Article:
NASA beefs up efforts to wake its silent Opportunity rover after 600 failed attempts since June, as brutal Martian winter approaches
- Rover hasn’t transmitted since June 10, when it went silent to ride out dust storm
- NASA now says it will try a new set of commands to explore three possible issues
- Time is running out for rover, as Martian winter threatens to bring extreme temps
It’s been seven months since NASA last made contact with the Opportunity rover – but, the team isn’t ready to give up hope just yet.
The rover celebrated a bittersweet 15th anniversary on Mars last week as it remains silent after a dust storm that blanketed the red planet back in June.
Engineers on the Opportunity team say they’re now trying out a new set of commands in attempt to wake up the robotic explorer over the next few weeks.
Opportunity landed on Jan. 24, 2004, and logged more than 28 miles (45 kilometers) before falling silent during a global dust storm June 2018. There was so much dust in the Martian atmosphere that sunlight could not reach Opportunity’s solar panels for power generation
The new commands are an effort to coax the rover back into operation and address the low-likelihood events that may have happened in the wake of the storm, preventing it from sending messages back to Earth, NASA says.
Opportunity hasn’t transmitted since June 10.
‘We have and will continue to use multiple techniques in our attempts to contact the rover,’ said John Callas, project manager for Opportunity at JPL.
‘These new command strategies are in addition to the “sweep and beep” commands we have been transmitting up to the rover since September.’
The latest transmission strategies will address three possible scenarios, according to NASA.
This includes the failure of Opportunity’s primary X-band radio, failure of both of its X-band radios, and problems with the rover’s internal clock.
Though faults of these kinds are unlikely, all previous efforts to rouse the rover have so far been unsuccessful.
‘Over the past seven months we have attempted to contact Opportunity over 600 times,’ Callas said.
‘While we have not heard back from the rover and the probability that we ever will is decreasing each day, we plan to continue to pursue every logical solution that could put us back in touch.’
HOW OFTEN DO DUST STORMS HAPPEN ON MARS AND WHAT’S THE BEST WAY TO SEE THEM?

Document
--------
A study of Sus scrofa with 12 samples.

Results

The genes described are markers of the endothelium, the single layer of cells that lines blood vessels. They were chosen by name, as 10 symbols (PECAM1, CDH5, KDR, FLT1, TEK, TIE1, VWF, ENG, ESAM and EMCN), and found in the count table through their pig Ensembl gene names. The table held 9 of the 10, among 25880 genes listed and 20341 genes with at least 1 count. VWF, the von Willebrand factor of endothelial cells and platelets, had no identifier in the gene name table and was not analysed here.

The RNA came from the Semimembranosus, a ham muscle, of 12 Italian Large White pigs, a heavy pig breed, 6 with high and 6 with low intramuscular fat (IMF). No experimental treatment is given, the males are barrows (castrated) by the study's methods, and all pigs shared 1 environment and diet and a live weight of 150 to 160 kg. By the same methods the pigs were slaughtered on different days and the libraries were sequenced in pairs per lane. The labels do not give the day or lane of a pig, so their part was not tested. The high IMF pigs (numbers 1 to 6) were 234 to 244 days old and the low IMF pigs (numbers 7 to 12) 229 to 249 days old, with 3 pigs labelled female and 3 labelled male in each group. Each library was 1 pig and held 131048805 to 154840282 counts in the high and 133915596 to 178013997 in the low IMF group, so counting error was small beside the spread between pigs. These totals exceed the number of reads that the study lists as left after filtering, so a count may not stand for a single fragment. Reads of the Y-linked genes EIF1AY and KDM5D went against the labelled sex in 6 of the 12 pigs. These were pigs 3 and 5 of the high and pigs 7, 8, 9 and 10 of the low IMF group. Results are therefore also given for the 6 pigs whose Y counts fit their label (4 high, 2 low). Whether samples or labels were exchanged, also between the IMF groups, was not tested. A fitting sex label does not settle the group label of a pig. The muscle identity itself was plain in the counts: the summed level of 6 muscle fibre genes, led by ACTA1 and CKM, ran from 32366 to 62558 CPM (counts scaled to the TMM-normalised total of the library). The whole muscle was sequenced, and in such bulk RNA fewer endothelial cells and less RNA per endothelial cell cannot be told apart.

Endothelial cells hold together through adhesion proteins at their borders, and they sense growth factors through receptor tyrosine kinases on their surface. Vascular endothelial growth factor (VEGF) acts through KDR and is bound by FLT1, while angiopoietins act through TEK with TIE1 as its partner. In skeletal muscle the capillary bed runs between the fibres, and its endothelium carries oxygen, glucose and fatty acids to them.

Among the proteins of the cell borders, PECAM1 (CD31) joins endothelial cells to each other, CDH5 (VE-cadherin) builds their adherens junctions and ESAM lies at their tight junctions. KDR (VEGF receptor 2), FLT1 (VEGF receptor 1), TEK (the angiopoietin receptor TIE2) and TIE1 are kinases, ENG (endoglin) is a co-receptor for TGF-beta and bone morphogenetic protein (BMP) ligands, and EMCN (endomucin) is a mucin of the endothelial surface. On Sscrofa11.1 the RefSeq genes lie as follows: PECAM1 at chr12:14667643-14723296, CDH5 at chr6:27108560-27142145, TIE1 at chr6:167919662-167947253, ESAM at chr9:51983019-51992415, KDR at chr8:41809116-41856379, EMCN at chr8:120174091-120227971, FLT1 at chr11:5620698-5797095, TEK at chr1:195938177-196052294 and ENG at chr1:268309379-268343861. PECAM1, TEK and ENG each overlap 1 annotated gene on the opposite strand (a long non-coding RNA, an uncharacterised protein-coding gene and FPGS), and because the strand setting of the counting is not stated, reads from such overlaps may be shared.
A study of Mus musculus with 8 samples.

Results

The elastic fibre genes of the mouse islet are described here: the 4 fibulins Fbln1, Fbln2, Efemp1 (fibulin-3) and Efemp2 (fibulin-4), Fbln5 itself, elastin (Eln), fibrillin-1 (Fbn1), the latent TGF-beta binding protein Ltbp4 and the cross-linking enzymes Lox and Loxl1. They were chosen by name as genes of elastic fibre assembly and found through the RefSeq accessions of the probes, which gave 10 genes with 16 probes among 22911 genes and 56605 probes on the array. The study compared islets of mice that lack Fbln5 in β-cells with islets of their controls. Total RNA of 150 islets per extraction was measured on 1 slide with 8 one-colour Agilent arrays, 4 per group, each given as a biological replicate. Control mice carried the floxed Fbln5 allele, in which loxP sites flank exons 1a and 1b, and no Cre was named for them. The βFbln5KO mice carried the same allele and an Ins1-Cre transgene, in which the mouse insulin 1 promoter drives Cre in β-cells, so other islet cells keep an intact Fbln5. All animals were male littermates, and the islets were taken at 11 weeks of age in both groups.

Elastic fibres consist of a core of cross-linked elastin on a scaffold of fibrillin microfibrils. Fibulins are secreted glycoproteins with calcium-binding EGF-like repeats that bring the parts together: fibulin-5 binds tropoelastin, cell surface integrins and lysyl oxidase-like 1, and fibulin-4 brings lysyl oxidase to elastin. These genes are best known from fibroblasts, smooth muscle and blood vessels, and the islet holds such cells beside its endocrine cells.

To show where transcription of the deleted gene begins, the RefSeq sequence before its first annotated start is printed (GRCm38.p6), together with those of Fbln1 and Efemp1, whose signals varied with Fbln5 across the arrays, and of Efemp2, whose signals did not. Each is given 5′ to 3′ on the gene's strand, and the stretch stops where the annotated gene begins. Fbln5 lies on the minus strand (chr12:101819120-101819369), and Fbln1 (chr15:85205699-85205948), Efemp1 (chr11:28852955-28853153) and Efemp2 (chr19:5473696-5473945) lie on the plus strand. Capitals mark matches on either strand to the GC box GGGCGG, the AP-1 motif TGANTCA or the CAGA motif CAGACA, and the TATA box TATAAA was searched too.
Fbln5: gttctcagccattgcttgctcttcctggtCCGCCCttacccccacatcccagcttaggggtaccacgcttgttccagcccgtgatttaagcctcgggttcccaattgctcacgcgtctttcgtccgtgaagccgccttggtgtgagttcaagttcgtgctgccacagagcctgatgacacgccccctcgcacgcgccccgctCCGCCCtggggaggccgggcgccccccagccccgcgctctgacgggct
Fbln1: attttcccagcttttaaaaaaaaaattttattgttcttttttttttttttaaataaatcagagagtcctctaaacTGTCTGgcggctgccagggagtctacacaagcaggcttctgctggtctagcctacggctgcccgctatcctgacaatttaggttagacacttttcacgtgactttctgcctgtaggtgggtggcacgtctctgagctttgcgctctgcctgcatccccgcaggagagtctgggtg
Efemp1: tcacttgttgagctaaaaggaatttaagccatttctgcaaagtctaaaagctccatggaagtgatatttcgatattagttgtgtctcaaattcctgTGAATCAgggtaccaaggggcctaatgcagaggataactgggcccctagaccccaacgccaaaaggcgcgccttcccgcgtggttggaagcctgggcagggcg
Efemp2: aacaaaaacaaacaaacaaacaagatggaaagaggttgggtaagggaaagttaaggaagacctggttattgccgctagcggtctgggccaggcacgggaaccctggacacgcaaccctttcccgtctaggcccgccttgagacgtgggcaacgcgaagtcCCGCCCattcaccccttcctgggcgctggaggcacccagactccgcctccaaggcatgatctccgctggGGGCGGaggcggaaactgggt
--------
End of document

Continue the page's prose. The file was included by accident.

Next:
Dust storms occur frequently on Mars, but global events that circle the entire planet appear every six to eight Earth years, which equates to three to four years on the red planet.
MailOnline spoke to Dr Robert Massey, deputy executive director of the Royal Astronomical Society, for his advice on witnessing this extra-terrestrial weather event.
He said: ‘Observing Mars is always challenging, as it’s small, about half the size of the Earth, and at its closest is still around 34 million miles (55 million km) away.
‘It is easily visible to the eye as a bright red object in the sky, but seeing any detail requires a reasonable telescope and binoculars won’t show much.
‘Even with that, details are fleeting, and depend on a steady terrestrial atmosphere as otherwise turbulence blurs out the view.
‘This is why early Martian observers spent a lot of time making many sketches to try to map the planet’s surface.
‘A good time to look is when Mars is near its opposition, the point when the planet is opposite the sun in the sky and near its minimum distance from the Earth.
‘Opposition in 2018 is on July 27, and Mars’ closest approach is on 30 July.
‘As it gets dark in the evening, you should look for a bright red object in the southeastern sky.
‘With a decent telescope, observers can see the polar caps growing and shrinking and the dust storms described above. These can rapidly change from being local features to planetwide events.’
The team is working against the clock to wake up Opportunity before the ‘dust-clearing season’ on Mars comes to an end.
Soon, the planet will experience winter in its southern hemisphere, bringing extremely low temperatures.
According to NASA, this ‘could cause irreparable harm to an unpowered rover’s batteries, internal wiring and/or computer systems.’